June 24, 2001 |
The 188-year-old flag that inspired "The Star-Spangled Banner" is so fragile, conservators at the Smithsonian Institution have discovered, that the irreplaceable artifact can never be hung again. "To balance the safety of this American artifact with the people's desire to view the flag, we are looking at displaying it at no more than a 30-degree angle," said Spencer Crew, director of the National Museum of American History.
June 22, 2001 |
"For me," Joseph J. Ellis told a reporter in November, "the teaching side of my life and the writing side of my life are part of the same collective whole." If true, that could be a problem now for Ellis, a popular professor at Mount Holyoke College who won the 2001 Pulitzer Prize in history for his book "Founding Brothers" but was found this week to have made false claims to his students about serving in Vietnam. Ellis' deception has prompted a lively public and private debate among academics.
June 11, 2001 |
An exhibition commemorating the bicentennial of Meriwether Lewis and William Clark's transcontinental journey will bring together almost all existing artifacts from that voyage for the first time since the explorers returned in 1806. "The artifacts are extremely scattered," said Carolyn Gilman, project director of the Missouri Historical Society in St. Louis, who came up with the idea for the exhibition.
June 4, 2001 |
It is but the farm of a patriot, a small sign reads. But the estate on a hillside here is so much more: the summer White House of the nation's second president; a monument to the skills and sensibility of a wife who kept the place afloat while her husband worked abroad; a repository of 78,000 artifacts and letters--all original to four generations of John Adams' family. "This wonderful house," historian David McCullough said during a visit last week.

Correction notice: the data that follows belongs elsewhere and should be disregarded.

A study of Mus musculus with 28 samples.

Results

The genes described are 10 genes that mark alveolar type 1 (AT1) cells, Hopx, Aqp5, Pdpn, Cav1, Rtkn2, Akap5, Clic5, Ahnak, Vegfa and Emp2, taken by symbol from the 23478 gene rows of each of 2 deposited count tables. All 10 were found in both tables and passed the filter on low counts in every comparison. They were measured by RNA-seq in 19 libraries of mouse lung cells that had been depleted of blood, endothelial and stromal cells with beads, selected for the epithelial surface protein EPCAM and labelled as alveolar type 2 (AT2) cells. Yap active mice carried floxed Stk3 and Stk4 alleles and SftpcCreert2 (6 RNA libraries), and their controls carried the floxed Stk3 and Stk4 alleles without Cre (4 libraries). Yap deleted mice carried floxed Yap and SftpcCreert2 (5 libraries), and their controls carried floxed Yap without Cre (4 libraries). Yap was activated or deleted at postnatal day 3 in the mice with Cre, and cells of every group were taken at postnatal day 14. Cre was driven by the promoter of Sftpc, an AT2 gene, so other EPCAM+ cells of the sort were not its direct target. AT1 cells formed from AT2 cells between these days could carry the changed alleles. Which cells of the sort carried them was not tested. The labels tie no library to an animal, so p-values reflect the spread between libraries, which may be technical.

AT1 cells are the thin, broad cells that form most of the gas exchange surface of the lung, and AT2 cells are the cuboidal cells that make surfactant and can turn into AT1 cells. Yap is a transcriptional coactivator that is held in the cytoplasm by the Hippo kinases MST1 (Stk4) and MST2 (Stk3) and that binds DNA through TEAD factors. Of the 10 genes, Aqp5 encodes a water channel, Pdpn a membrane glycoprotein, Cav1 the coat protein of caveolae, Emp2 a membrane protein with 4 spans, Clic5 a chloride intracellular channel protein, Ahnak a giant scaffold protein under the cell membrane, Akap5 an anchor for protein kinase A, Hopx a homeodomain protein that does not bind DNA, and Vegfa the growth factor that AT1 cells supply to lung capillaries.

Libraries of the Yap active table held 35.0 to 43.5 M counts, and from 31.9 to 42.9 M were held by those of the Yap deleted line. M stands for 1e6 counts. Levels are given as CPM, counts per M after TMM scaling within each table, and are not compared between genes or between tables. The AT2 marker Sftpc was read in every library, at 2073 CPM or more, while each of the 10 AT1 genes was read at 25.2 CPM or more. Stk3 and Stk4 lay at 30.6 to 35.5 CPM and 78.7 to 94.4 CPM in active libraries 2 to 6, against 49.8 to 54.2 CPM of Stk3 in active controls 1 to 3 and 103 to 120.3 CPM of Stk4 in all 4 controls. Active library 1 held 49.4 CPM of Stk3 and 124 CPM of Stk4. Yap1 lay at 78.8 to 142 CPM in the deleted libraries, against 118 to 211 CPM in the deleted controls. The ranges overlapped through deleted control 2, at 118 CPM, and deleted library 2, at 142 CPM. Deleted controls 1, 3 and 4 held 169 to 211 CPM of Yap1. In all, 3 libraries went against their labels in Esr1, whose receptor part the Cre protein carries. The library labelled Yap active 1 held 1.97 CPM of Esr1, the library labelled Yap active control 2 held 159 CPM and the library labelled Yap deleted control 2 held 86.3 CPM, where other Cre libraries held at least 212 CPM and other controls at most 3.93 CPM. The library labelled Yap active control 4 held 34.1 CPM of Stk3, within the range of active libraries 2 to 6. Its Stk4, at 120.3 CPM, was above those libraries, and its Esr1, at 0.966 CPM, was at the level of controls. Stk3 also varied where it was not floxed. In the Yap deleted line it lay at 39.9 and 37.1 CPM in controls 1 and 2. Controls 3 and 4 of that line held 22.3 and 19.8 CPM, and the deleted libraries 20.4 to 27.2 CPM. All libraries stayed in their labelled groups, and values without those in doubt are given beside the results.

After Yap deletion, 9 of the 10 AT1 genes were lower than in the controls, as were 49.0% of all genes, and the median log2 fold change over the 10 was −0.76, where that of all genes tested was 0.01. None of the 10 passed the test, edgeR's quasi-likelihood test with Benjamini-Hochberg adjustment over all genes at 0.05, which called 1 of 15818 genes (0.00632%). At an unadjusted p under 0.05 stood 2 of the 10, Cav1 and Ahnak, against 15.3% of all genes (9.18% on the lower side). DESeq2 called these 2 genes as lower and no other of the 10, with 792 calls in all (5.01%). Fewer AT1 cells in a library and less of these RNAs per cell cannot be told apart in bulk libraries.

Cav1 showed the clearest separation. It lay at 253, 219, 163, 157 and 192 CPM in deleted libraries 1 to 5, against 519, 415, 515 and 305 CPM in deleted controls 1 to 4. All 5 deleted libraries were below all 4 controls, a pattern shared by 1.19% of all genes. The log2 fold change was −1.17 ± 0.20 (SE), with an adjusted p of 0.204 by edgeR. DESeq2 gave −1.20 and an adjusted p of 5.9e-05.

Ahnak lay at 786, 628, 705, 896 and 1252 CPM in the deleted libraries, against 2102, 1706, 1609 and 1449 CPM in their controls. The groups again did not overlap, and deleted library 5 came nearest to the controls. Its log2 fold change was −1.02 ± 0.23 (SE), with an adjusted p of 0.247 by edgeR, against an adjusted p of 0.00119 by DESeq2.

May 29, 2001 |
Fifteen-year-old Kacey Tanabe has never been to Japan and her family barely speaks Japanese. Still, she feels as though she's been blamed for World War II. "This kid told me Japanese people are stupid because we started the war," said Tanabe, who goes to school in Montebello. "How do I have control of it? I can't do anything about it. It's not my fault."
May 28, 2001 |
In the end, the U.S. military got the movie it wanted from "Pearl Harbor"--and unlike the infamous attack, that should come as no surprise. In exchange for substantial help from the military--including the right to film at Pearl Harbor and other military installations on Hawaii--director Michael Bay and producer Jerry Bruckheimer provided the Pentagon with an early script.
May 28, 2001 |
Sen. Jim Jeffords now walks in the footsteps of Winston Churchill, Ronald Reagan and Abraham Lincoln. He does so not by leading his nation through crises, but by leaving his longtime political party. Jeffords' bold move to leave the Republicans and become an Independent made national and international headlines because it marked the first time a party change shifted the balance of power in the U.S. Congress.
April 28, 2001 |
Archeologists said Friday they have discovered a Union medallion inside the Confederate submarine H. L. Hunley, which went down off the South Carolina coast during the Civil War after becoming the first submarine to sink an enemy ship in battle. The medallion, made either of copper or bronze, bore the name of a Connecticut soldier who had enlisted with the Union army in a volunteer unit. He was killed in July 1863 during an assault on Ft.
April 26, 2001 |
When teacher Benee Hobson introduces the Vietnam War to his students at Luther Burbank High School, reactions are radically mixed. Most of the students have little concept of the war, he said, seeing it as "part of the ancient past." Many others are children of Vietnamese refugees--some of whom fled their homeland when Saigon fell in 1975. "It's a little tricky teaching it," Hobson said, "because there are so many different perspectives on that war."
CALIFORNIA | LOCAL
April 19, 2001
Scientists studying the recovered Confederate submarine H.S. Hunley have now found the remains of eight crewmen, leaving only the vessel's captain, Lt. George Dixon, unaccounted for. All of the crewmen were found at their battle stations ready to crank the sub's propeller shaft, indicating that the craft probably sank very quickly, though researchers don't yet know why. Dixon would have been in the rear of the sub, an area that has not yet been excavated.